Amongst many topics that have risen to the forefront during the lockout is that of the perceived competitive advantage that large market has over small markets. If you follow me on Twitter, @AzazNYK, you probably saw my rant disparaging this on Monday. It befuddles me that making the game balanced has become a major hang-up in the CBA negotiations, when if the issue is examined closer, it is evident that smart management trumps everything in the NBA.
Many of the owners believe that small market teams have become farm systems for the evil, large market teams. On the surface, this may seem accurate. Especially when one looks at recent history with Lebron, ‘Melo, Deron Williams, Dwight Howard, and Chris Paul, all having left their small market teams or strongly hinting to leave them. The casual NBA fan, who will not dig deeper, will simply say that the system is broken and there is an uneven playing field.
However, I believe, this is false.
Let me begin by saying that basketball is a sport where it is a huge advantage to have a star player. One player can transform your team from a 20-win team to a 50-win team and the fact of the matter is there will simply never be 30 marquee players in the NBA at a given time. On the more concerning issue of being able to keep a star you draft, I have a simple solution: smart roster management.
If a closer look is taken at the recent superstar movement that has taken place, it becomes evident that the real reason stars are leaving their teams is because they are tired of putting their respective teams on their shoulders only to get knocked out of the playoffs, year-after-year. Lebron James toiled in Cleveland for seven years, putting his city on his back, while Danny Ferry, Cleveland’s general manager, was busy signing Larry Hughes, instead of Ray Allen, and getting Mo “All-Star” Williams to be Lebron’s sidekick. Cavs fans, maybe point the finger at management a little?
Carmelo Anthony spent 7 and half years in Denver and never made it to the Finals. Dwight Howard’s sidekick is Jameer freaking Nelson. Howard, as he has recently said, does not know what else he can do. This frustration, of year over year failure, causes these players to pack up and leave. Deron Williams, now a New Jersey Net, played with a middling roster on the Jazz, and even though he is now in a big market, Deron is yet to sign an extension. Why u ask? Because he wants to see signs of smart roster management from the front office.
All of the players mentioned played at lease six years on their respective teams before jumping ship. Not exactly a short time period to build a team. None of the players left a championship level team. Actually, the reason they left is primarily due to the fact that they do not have championship level teams, or cap room to grow into championship teams. While I do concede market size is a factor, it is a very small factor and not the real reason these stars are leaving. In fact, Kobe Bryant was ready to leave the Los Angeles Lakers, one of the biggest markets in the world, when he did not see a bright outlook for his team. However, Jerry Buss, an esteemed owner, made a smart move in trading for Pau Gasol, and, ultimately, Kobe stayed and won two more championships.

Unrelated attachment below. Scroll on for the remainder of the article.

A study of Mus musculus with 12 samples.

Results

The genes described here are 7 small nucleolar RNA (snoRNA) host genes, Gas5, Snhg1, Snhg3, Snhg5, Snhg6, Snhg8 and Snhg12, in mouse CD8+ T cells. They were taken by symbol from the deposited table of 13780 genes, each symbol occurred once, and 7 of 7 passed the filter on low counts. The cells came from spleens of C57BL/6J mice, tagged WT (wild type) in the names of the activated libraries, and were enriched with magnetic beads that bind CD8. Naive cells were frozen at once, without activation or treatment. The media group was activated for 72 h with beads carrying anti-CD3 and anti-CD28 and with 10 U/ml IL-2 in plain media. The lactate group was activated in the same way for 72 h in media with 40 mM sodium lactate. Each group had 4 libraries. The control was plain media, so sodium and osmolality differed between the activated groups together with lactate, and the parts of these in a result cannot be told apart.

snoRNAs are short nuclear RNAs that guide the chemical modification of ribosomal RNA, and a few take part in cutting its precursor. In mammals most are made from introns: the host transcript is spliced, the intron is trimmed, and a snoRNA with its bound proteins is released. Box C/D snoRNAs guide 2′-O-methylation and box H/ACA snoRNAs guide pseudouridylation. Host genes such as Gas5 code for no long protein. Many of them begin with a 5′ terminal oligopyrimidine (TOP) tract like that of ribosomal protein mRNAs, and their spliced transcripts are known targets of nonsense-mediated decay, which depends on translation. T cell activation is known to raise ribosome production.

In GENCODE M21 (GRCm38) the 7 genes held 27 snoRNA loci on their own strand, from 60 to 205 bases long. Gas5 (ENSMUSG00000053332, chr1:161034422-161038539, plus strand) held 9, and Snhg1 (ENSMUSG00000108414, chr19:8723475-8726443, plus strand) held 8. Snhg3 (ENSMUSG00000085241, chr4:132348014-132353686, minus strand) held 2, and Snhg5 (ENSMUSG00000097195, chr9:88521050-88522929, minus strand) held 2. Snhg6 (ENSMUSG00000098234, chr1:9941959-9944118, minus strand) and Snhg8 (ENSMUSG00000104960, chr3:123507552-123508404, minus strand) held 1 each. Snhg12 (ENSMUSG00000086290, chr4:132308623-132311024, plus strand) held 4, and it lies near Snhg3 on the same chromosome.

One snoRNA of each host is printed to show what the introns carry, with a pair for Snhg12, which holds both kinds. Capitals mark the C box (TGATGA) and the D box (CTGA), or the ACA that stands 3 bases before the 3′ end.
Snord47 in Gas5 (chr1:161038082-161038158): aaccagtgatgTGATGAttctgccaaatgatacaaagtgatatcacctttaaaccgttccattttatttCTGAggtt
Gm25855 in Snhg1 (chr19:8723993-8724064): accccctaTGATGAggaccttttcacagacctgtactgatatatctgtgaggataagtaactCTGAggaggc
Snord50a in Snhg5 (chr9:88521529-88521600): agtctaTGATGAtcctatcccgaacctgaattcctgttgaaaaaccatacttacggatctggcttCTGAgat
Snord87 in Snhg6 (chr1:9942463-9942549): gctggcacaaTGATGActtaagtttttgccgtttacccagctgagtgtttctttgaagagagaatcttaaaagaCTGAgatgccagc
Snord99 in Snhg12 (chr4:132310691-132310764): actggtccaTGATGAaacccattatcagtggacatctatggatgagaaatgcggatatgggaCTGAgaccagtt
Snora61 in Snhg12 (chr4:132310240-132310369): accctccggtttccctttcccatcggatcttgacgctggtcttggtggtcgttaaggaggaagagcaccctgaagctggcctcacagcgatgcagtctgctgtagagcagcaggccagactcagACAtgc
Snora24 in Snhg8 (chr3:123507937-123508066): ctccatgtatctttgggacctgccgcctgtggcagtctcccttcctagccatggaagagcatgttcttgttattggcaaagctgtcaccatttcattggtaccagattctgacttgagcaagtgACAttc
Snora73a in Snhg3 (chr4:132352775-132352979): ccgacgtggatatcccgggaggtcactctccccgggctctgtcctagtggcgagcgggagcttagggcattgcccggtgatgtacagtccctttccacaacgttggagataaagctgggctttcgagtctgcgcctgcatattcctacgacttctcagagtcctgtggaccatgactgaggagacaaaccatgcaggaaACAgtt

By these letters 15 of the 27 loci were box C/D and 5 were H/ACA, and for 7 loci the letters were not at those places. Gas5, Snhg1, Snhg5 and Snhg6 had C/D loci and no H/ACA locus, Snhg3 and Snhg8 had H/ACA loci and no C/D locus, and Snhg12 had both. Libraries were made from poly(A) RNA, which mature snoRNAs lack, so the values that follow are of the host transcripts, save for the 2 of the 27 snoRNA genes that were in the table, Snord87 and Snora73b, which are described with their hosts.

Kevin Durant, in the small Oklahoma City market, loves it there because of the fact he is playing with a bona fide all-star in Westbrook and emerging talent in Harden and Ibaka, among others. However, New York City, arguably the biggest market in the world, couldn’t get a single marquee free agent in the 2000′s because their management situation was a mess.
But, look at the Knicks now. They are, arguably, one of the premier teams in the eastern conference, if not in the entire league. In 2008, James Dolan, owner of the Knicks, announced that Donnie Walsh would be the team’s president of basketball operations.
He joined the team while they were in massive turmoil. The Knicks were affected by many overpaid, underperforming players. These deals left the Knicks around $20 million over the NBA salary cap and in a position were they did not seem likely to sign any marquee free agents. However, Donnie Walsh worked his magic. By the summer of 2010, Walsh was able to bring the Knicks under the salary cap by $34 million.
Donnie Walsh is a testament that small and large market teams do not affect how a team ultimately performs, but rather, well executed deals, done by managements, is what brings a team out of the shadows.
Time and time again, smart roster management will trump market size, and it needs to be noted that, in no possible system, can all 30 teams compete, simply because there aren’t 30 stars.
Here’s a simple solution to all the small market owners holding up negotiations to “restore competitive balance”; I’m looking at you, Dan Gilbert… Build a championship level squad around the stars that you draft and keep them for at least five years, instead of surrounding them with the likes of Larry Hughes, Gilbert Arenas, Mo Williams, and Rashard Lewis.